Marketers Still Eager to Increase Spending on Facebook and Google, Study Finds

Among 'Emerging' Platforms, Marketers Eye Instagram and Snapchat Most

Sixty-two percent of marketers and agencies in a new study said they plan to spend more on Facebook this year. Credit: Chris Ratcliffe/Bloomberg

A record 57% of marketers and agencies are allocating 20% or more of budgets to digital advertising, including 23% who earmark more than half of their spending for digital, according to the most recent in a series of studies published by RBC Capital Markets in partnership with Ad Age. Two percent said they plan to decrease their digital spend, while 82% said they plan to spend more, the study found.

Repondents again said they believed Google provided the best ROI, followed by Facebook, YouTube, Twitter, LinkedIn, Yahoo and AOL. Twitter was the only platform where respondents' perception of ROI declined since the prior survey, in September 2015.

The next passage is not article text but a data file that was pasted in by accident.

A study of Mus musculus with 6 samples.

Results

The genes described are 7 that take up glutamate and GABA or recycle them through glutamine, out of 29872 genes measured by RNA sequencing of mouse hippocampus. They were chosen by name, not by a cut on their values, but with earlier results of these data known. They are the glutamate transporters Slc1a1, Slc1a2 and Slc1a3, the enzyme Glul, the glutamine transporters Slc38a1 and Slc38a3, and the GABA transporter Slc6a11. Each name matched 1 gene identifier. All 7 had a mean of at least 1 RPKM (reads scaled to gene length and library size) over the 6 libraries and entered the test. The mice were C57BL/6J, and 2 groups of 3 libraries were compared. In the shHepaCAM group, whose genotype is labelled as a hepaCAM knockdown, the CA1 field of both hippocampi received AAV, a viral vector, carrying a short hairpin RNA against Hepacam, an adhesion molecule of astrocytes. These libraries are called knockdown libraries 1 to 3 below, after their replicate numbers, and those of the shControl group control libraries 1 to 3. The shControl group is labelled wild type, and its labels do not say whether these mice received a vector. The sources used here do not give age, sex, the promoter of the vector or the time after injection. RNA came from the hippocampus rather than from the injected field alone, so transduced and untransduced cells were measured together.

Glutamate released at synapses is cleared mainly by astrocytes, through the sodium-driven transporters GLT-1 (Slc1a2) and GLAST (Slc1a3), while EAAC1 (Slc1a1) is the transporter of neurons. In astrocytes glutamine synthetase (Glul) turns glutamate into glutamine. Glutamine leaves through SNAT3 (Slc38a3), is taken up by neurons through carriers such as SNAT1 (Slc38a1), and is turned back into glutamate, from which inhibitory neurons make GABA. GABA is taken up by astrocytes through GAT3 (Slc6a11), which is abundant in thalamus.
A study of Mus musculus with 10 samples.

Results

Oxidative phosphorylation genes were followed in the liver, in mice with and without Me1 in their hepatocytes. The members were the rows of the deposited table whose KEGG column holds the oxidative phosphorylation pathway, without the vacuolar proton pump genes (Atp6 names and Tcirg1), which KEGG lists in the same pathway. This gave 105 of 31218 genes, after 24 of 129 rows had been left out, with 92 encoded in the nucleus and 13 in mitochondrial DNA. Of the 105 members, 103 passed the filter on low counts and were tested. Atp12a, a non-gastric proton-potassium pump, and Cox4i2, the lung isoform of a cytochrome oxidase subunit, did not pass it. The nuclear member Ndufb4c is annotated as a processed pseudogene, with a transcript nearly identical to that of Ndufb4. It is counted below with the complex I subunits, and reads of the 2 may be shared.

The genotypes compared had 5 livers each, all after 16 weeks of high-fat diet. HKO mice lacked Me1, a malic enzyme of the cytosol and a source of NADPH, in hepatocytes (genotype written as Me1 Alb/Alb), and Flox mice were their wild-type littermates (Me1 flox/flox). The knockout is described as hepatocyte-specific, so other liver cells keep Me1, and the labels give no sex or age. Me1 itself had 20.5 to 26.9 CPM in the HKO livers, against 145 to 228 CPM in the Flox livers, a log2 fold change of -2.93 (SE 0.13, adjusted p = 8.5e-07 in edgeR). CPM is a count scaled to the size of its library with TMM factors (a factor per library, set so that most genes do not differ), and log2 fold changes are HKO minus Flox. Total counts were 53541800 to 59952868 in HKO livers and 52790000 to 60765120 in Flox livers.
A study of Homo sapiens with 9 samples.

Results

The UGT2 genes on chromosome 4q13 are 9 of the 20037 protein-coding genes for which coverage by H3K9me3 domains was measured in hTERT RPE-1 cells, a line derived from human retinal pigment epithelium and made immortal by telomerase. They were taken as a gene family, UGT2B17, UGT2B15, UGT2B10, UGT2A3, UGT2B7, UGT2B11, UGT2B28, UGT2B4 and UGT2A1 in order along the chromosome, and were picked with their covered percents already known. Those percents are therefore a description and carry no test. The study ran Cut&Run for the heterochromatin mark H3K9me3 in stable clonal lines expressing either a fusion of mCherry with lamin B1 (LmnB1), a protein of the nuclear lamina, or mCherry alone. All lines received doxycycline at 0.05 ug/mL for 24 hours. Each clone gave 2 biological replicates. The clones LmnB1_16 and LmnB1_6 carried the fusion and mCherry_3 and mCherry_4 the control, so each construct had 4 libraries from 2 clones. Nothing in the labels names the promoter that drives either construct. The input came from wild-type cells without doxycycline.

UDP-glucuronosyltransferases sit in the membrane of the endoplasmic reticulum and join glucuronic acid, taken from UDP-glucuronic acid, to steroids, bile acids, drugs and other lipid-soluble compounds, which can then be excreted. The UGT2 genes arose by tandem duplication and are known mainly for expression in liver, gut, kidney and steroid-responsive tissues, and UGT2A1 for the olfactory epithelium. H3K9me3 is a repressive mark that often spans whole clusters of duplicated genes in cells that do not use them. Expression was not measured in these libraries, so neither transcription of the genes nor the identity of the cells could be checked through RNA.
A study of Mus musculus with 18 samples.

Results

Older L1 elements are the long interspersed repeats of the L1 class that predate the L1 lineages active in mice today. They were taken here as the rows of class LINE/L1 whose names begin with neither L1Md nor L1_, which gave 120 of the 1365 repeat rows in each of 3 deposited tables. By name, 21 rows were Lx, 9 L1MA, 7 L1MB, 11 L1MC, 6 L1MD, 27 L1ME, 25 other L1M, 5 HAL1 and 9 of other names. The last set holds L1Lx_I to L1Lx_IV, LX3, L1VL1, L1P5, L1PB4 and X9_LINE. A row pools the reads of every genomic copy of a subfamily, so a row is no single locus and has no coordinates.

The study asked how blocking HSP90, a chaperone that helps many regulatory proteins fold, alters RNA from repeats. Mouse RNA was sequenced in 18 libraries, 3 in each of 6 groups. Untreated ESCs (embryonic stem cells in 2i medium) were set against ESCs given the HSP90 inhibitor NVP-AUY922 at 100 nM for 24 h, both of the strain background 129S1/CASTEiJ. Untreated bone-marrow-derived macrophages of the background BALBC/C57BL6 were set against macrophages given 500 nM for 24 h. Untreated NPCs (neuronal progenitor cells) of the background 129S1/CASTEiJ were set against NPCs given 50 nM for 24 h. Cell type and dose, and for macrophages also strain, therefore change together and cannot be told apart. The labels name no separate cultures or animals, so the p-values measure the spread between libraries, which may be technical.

Sixty-two percent of respondents said they plan to increase their spending on Facebook in the next year, compared with 54% for Google, 48% for YouTube and 32% for Twitter. Other respondents said they planned to cut spending on the platforms: 9% of respondents for Facebook, 10% for Google, 8% for YouTube and 23% for Twitter.

"Note that the overall skew of intentions does remain positive, with a greater percentage looking to increase rather than decrease their ad spend with Twitter," RBC wrote. "But taken as a whole, we view these results as clearly negative for Twitter, and perhaps the most negative data-point from this exercise."

A Twitter spokesman declined to comment on the study.

Asked about "emerging" platforms where they might allocate budgets next, respondents cited Instagram (71%), Snapchat (45%), Pinterest (42%), Spotify (34%), Pandora (27%), Hulu (27%), Google+ (18%), Tumblr (16%), Reddit (15%) and StumbleUpon (5%).

RBC surveyed nearly 2,000 advertising professionals for the study. Of them, 24% were a marketer or client, 36% worked for an agency, 10% were a marketing consultant, 13% worked for a media company, 7% work for a marketing-service company and about 8% were "other."